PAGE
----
Two years after taking home an Oscar for the tightrope documentary "Man on Wire," British director James Marsh has come to Sundance with a heartbreaking tale about a chimp raised to be human.
"Project Nim" tells the story of a 1970s US experiment in which a chimpanzee was raised as a human child and taught sign language in the hope of proving that language was not limited to humanity.
"The film reflects the intellectual climate of the time, the whole debate about nature and nurture," Marsh told AFP about the latest documentary. "At that time, nurture was very very powerful, if not the dominant influence, on the human children."
Marsh has previously won at Sundance with "Man On Wire," a documentary about a 1974 stunt in which Frenchman Philippe Petit walked a tightrope between the Twin Towers before being arrested by New York police.
In "Project Nim" he looks at a project dreamed up by Columbia University psychologist Herbert Terrace and carried out on Nim Chimpsky, a chimp named for famed linguist Noam Chomsky, who has argued language is uniquely human.
Alternating between previously unpublished footage and interviews with participants in the experiment, the film shows how Nim initially connects with his family before his animal nature gradually takes over.
"What surprised me the most is the depth of the feelings and the guilt that the people felt still now," Marsh said.
"Their emotional connection with the chimp was very, very strong and it all came out as we were talking about it."
The adoptive mothers in the film seem to have never recovered from their separation from Nim and say they still bear the burden of his eventual caging in a primate research center, far from the humans who raised him.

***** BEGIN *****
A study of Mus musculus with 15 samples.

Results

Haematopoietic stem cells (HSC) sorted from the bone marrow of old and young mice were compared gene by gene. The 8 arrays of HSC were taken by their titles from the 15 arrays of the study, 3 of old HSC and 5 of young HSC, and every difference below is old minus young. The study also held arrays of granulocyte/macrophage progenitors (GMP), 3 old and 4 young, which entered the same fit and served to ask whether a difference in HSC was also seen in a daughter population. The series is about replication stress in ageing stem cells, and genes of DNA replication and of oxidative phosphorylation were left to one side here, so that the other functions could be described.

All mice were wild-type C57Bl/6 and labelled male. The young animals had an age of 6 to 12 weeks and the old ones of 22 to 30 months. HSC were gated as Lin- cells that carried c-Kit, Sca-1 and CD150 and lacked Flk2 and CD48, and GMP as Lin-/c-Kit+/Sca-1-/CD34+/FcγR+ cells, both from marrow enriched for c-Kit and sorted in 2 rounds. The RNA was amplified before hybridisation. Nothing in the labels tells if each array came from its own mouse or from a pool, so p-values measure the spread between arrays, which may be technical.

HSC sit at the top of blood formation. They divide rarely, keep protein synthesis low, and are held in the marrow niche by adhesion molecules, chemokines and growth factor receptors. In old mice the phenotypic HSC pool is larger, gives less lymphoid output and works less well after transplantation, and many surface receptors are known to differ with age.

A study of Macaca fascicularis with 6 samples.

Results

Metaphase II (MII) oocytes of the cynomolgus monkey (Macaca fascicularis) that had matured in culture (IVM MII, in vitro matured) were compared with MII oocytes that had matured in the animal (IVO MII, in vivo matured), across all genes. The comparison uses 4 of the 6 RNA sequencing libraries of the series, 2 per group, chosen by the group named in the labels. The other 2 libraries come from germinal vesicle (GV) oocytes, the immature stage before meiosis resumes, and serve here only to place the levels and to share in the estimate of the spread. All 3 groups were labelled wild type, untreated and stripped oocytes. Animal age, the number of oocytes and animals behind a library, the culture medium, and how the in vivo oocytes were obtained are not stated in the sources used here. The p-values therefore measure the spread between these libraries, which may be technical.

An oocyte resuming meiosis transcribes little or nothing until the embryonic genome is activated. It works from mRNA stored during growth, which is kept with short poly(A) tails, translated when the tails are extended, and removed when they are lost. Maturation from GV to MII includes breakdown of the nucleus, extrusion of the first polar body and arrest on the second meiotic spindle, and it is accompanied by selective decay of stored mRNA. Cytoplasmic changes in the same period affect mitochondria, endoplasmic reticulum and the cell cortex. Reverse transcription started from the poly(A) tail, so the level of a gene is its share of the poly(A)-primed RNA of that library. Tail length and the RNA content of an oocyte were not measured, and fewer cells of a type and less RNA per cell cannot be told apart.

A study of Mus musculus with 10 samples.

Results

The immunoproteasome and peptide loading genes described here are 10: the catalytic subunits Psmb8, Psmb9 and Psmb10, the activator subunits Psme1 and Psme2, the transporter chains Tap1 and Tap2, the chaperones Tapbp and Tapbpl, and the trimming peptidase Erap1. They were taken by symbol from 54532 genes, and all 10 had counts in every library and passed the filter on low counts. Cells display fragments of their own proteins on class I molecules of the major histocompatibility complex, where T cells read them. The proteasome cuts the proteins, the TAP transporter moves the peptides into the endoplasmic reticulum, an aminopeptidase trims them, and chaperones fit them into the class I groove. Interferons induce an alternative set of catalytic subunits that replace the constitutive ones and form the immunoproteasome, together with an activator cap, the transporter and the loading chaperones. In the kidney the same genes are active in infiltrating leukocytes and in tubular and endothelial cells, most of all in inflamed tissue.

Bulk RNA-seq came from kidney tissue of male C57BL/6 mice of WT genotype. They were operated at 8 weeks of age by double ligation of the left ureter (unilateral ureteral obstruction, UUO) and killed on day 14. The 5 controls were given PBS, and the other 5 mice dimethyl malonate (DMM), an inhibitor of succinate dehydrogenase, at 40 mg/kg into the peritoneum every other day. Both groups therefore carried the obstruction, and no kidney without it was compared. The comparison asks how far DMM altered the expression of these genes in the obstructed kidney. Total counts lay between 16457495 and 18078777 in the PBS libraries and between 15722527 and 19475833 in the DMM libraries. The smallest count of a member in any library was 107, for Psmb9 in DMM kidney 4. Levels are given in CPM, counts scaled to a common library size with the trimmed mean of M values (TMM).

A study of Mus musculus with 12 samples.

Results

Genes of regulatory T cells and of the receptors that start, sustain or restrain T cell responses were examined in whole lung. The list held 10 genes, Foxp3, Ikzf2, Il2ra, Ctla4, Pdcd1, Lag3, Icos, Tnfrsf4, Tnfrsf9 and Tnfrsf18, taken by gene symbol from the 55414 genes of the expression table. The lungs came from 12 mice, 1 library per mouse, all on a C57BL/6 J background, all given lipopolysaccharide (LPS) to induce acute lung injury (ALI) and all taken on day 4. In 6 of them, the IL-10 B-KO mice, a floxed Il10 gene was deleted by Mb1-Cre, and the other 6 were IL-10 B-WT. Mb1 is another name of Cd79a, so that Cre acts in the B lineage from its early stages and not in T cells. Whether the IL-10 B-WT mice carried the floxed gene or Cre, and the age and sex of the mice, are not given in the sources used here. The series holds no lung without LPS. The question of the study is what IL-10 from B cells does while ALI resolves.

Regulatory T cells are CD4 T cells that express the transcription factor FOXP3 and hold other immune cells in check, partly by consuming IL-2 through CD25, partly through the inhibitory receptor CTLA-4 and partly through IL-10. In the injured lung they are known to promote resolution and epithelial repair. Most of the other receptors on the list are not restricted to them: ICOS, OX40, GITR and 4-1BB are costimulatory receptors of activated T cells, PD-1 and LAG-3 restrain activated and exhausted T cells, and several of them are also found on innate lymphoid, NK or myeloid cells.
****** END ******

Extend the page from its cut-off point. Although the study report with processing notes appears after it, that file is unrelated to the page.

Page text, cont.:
When the baby chimp is given to the first of a series of adoptive mothers, "it’s physical and sensual," Marsh said.
"If you give a kind of baby creature to a human mother — that’s what happened here, it’s a very sensual relationship…There is some kind of love affair between the woman and the chimp."
As the chimp grows older and more aggressive and is passed on to other teachers, "They keep nurturing him…he beats her, he hurts her and she carries on. It’s heroic, really."
The scientific value of the four-year study remains open to debate. Terrace wrote in 1979 that there was little evidence the chimp had learned language, while other scientists have faulted his methods.
For Marsh, the story is less about Nim than about those around him who, at least initially, are possessed of a seemingly boundless optimism that they can control him and mold him in their own image.
"I wanted to try to see how the human behavior is influenced by the chimp…We think that we can find out everything, control everything and of course, with a chimp you can’t."
The bonds that form between Nim and the different people who care for him provide a touching counterpoint to the experiment itself.
"For me, it’s more perverse to put a chimp in a classroom, like a public schoolboy, than to give him a joint, for example," Marsh said, referring to one of the funnier scenes of the often humorous film.
Marsh hopes that viewers of the film at this year’s Sundance independent film festival, held in the western US state of Utah, will relate to both the misguided trainers and the unfortunate primate.
"We can see something of ourselves here. In a way, it’s kind of scary. We humans are a species capable of enormous amounts of violence and aggression. We like to get drunk, to take drugs, and chimps love that too."